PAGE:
Buy a stranger a cup of coffee. Feed the birds. Give someone a hug. Bring sweets to the local fire department.
These are just a few of the ways the 25 students in Hoboken High School’s Hispanic Culture Club have spent their time during the month of December in their new initiative to perform random acts of kindness for each of the 24 days leading up to Christmas.
“I feel like when we do these acts of kindness, it makes the world a little bit brighter,” said senior and president of the club Ivelissa Lorenzo earlier this month. “These days, the news is so negative, it’s nice to show there is some happiness in the world and some good out there.”
“I feel like life is really all about the little things,” said senior and vice president of the club Andrew Moya. “One day we had to just give someone a hug, so I gave a cast mate a hug, and sometimes those innocent things that can make someone’s day.”
The club, which has been around since the 1950s, is an organization of students that share a common interest in exploring the Hispanic culture, community service, and community involvement.
Hoboken has long had a significant Hispanic population. In the 1950s, the Tootsie Roll company, who had a factory on 15th Street, advertised in Puerto Rico, offering jobs and inexpensive apartments for those who came here. Other area factories did the same. The Tootsie Roll factory, however, closed in the 1960s.
According to the Department of Education’s 2016-2017 enrollment data, of 1,723 students in the public schools, 826 are Hispanic. The high school is roughly 65 percent Hispanic, according to the club’s advisor, Christopher Munoz.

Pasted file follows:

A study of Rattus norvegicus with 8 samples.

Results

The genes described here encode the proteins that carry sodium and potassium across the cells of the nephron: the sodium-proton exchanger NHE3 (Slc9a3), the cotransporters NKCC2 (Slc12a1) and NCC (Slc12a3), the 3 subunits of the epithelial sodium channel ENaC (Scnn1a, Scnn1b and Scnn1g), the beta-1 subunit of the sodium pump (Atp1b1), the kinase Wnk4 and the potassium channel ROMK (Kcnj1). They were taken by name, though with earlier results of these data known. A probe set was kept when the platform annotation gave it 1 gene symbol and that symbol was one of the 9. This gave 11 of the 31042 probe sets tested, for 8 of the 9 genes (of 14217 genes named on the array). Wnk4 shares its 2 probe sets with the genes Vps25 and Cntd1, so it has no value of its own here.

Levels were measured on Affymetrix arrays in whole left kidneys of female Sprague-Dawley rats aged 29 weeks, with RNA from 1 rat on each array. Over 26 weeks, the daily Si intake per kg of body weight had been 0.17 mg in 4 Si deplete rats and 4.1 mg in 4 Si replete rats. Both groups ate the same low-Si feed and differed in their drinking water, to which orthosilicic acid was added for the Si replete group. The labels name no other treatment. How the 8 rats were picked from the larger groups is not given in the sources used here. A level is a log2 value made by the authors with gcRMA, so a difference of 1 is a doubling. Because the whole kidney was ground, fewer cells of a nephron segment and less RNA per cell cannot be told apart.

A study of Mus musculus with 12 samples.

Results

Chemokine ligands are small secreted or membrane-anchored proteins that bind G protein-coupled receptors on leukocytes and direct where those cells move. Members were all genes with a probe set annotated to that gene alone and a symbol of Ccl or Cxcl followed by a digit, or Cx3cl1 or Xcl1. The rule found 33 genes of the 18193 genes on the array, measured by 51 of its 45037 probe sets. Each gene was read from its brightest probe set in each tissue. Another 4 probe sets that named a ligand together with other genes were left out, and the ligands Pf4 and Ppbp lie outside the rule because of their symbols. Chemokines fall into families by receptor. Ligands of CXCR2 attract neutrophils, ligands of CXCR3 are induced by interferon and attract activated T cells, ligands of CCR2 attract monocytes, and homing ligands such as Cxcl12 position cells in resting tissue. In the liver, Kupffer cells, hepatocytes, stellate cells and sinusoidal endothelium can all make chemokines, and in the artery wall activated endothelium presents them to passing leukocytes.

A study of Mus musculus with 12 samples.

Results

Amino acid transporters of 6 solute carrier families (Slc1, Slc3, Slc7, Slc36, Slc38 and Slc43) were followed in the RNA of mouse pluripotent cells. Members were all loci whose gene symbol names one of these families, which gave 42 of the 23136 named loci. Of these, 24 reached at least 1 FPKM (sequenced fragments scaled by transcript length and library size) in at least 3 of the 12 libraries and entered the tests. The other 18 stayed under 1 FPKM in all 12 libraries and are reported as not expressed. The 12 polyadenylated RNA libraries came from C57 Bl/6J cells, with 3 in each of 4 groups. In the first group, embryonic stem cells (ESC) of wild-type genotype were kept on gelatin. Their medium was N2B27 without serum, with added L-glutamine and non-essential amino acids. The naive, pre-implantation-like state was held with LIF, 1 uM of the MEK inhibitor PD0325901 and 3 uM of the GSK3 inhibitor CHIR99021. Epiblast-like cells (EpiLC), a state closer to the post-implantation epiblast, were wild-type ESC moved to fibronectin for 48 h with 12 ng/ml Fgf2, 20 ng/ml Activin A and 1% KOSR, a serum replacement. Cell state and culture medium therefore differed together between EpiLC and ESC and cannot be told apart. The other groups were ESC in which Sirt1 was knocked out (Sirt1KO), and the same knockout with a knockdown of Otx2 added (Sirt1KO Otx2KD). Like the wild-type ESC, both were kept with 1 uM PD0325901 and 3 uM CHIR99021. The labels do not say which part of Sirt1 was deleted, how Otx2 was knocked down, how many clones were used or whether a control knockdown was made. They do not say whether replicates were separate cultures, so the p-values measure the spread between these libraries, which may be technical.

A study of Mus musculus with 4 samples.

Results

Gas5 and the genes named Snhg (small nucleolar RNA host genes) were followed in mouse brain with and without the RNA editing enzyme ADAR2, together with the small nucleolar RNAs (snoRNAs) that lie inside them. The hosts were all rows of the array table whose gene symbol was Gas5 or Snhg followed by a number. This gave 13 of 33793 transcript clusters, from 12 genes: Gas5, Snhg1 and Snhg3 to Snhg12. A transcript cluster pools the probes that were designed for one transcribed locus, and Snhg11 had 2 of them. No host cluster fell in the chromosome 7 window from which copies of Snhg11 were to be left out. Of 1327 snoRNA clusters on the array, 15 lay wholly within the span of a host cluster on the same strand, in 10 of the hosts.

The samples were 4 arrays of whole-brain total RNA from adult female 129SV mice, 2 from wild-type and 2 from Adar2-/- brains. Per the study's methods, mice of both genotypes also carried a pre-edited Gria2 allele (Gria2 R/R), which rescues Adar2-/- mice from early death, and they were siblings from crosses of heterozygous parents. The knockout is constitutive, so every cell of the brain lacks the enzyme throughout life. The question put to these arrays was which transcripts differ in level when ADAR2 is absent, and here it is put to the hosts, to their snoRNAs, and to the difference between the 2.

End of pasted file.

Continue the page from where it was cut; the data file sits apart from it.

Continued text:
Got idea from old post
The clubs advisor for the past six years, Christopher Munoz, said he originally got the idea for the new kindness initiative several years ago from a Facebook post and decided to create a calendar this year of different acts of kindness they could do throughout Hoboken each day.
Senior Veronica Mannillo, the club’s secretary, said every December the club tries to do some type of community service. But this is the first year trying this new initiative.
“Around December every year, we try and do something that gives back to the community,” said Mannillo. “We’ve done toy drives and food drives, but we decided to take it a step forward this year by having acts of kindness everyday instead of just one thing and this is more interactive with the community.”
“We wanted to do something as simple as feeding the birds or bring treats to the local firefighters, or leave kind positive notes for people to find as well as raise food donations to the local pet rescue and food shelter,” said Munoz. ”We felt Christmas time is the time to do it. It’s the one time of year where people are nicer, and we wanted to help spread cheer and kindness.”
Munoz said he also started doing it in Jersey City and his hometown of Bayonne. He believes the club may try to do it again next year, since they have gotten a good response from the community.
“One day, we went to Brandt [Elementary] School and handed out stickers to the students there,” said Moya, who said it was his favorite act of kindness. “At first, they were like, ‘What’s going on,’ but they really enjoyed it.”
One parent even commented on the group’s Facebook page, “My daughter came home talking about the high school kids and that she is going to keep her sticker forever. Very sweet idea and left an impression on my kindergartner!”
Mannillo said her favorite day was last Wednesday Dec. 20, when she and other students went to the local fire station to bring treats.
“I liked the fireman one,” she said. “Just brining them donuts and to see them smile and say thank you and then we thanked them for being heroes.”
Marilyn Baer can be reached at firstname.lastname@example.org.